Of all the astonishing facets of Real Madrid’s latest Champions League miracle this week, perhaps the eeriest was what it did to Manchester City’s players in the second leg of their semi-final at the Santiago Bernabeu.
Under Pep Guardiola, City have become one of the most meticulously orchestrated teams on the planet. They have swept all before them in the Premier League in large part because every player knows precisely what their role is and what they are supposed to do.
When extra-time began at around 11pm on Wednesday night in the Spanish capital, Guardiola’s men did not seem to know where they were, much less what their response should be. Goals in the 90th and 91st minute from substitute Rodrygo left them looking utterly shellshocked.
From that point on there could only be one winner, and it was no surprise that City contributed to their own downfall by giving away a penalty early in extra-time. Karim Benzema converted it with all of the conviction that had drained out of the visitors to win 3-1 on the night and 6-5 on aggregate.
Disappointments in the Champions League are nothing new for City, who are yet to win Europe’s top club competition despite enjoying more than a decade of success under Abu Dhabi ownership. But this one cuts deeper.
The manner of their defeat to Real Madrid and, specifically, their total inability to muster a response raises serious questions about Guardiola’s City.
Have Manchester City forgotten how to think for themselves?
Are they so well-drilled that they have lost the ability to think for themselves when an occasion veers off the script, as it did so dramatically? We have seen hints of it before, in that City have repeatedly struggled when falling behind.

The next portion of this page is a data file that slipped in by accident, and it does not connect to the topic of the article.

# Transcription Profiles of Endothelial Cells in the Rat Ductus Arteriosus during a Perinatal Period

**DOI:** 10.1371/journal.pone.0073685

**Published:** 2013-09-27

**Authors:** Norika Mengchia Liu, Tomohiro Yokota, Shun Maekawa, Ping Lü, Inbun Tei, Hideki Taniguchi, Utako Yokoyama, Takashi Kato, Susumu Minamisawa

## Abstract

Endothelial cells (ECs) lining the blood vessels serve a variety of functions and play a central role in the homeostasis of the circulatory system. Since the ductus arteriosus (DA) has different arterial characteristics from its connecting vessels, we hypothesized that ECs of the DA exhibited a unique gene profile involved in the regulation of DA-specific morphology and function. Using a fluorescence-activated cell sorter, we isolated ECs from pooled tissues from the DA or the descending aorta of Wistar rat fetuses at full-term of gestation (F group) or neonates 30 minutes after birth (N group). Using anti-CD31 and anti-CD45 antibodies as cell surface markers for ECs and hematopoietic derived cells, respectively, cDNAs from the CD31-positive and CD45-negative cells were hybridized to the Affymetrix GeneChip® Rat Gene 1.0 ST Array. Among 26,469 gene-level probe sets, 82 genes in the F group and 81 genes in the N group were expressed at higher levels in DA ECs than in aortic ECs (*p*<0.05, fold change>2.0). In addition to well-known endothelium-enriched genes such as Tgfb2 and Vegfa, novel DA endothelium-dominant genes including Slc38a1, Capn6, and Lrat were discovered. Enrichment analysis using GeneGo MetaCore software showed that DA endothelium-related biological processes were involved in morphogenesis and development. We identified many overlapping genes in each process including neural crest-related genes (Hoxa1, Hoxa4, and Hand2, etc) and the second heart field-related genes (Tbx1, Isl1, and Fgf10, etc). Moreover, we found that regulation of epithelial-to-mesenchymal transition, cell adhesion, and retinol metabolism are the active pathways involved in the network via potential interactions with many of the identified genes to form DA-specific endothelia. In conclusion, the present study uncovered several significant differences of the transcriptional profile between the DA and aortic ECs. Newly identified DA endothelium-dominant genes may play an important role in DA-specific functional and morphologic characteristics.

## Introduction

Is there a flaw in Guardiola’s apparent preference for compliant players who can follow his masterplan to the letter over those with more individualistic streaks? What is gained in obedience might be being lost in leadership.
Both of these might be gross oversimplification given the chaos that unfolded over a few febrile minutes. City are not the first European rival to go to pieces in Madrid this term; Paris Saint-Germain and Chelsea were also overwhelmed in the Bernabeu.
Each comeback has been remarkable in its own right, but PSG’s collapse was just their latest in this competition and Chelsea’s defeat was in keeping with their late-season decline in form. City were thought to be more resilient.
Liverpool, their rivals for the domestic title, stared into the abyss themselves during the other semi-final on Tuesday night at Villarreal but found a response in the form of three second-half goals. Just as that must have reinforced their self-belief, so City’s capitulation must surely weaken their resolve as the season reaches its crescendo.
Guardiola said City would need “one or two days” to get over the setback. Their next game is at home to Newcastle on Sunday, by which time they will be two points behind Liverpool, who must now scent blood, if they beat Tottenham on Saturday evening.
Whatever the cause of City’s stupefication in Madrid, they will have to quickly locate the smelling salts. Having been on course for a double just days ago, it is now not unthinkable that City could sleep-walk into finishing the season empty-handed.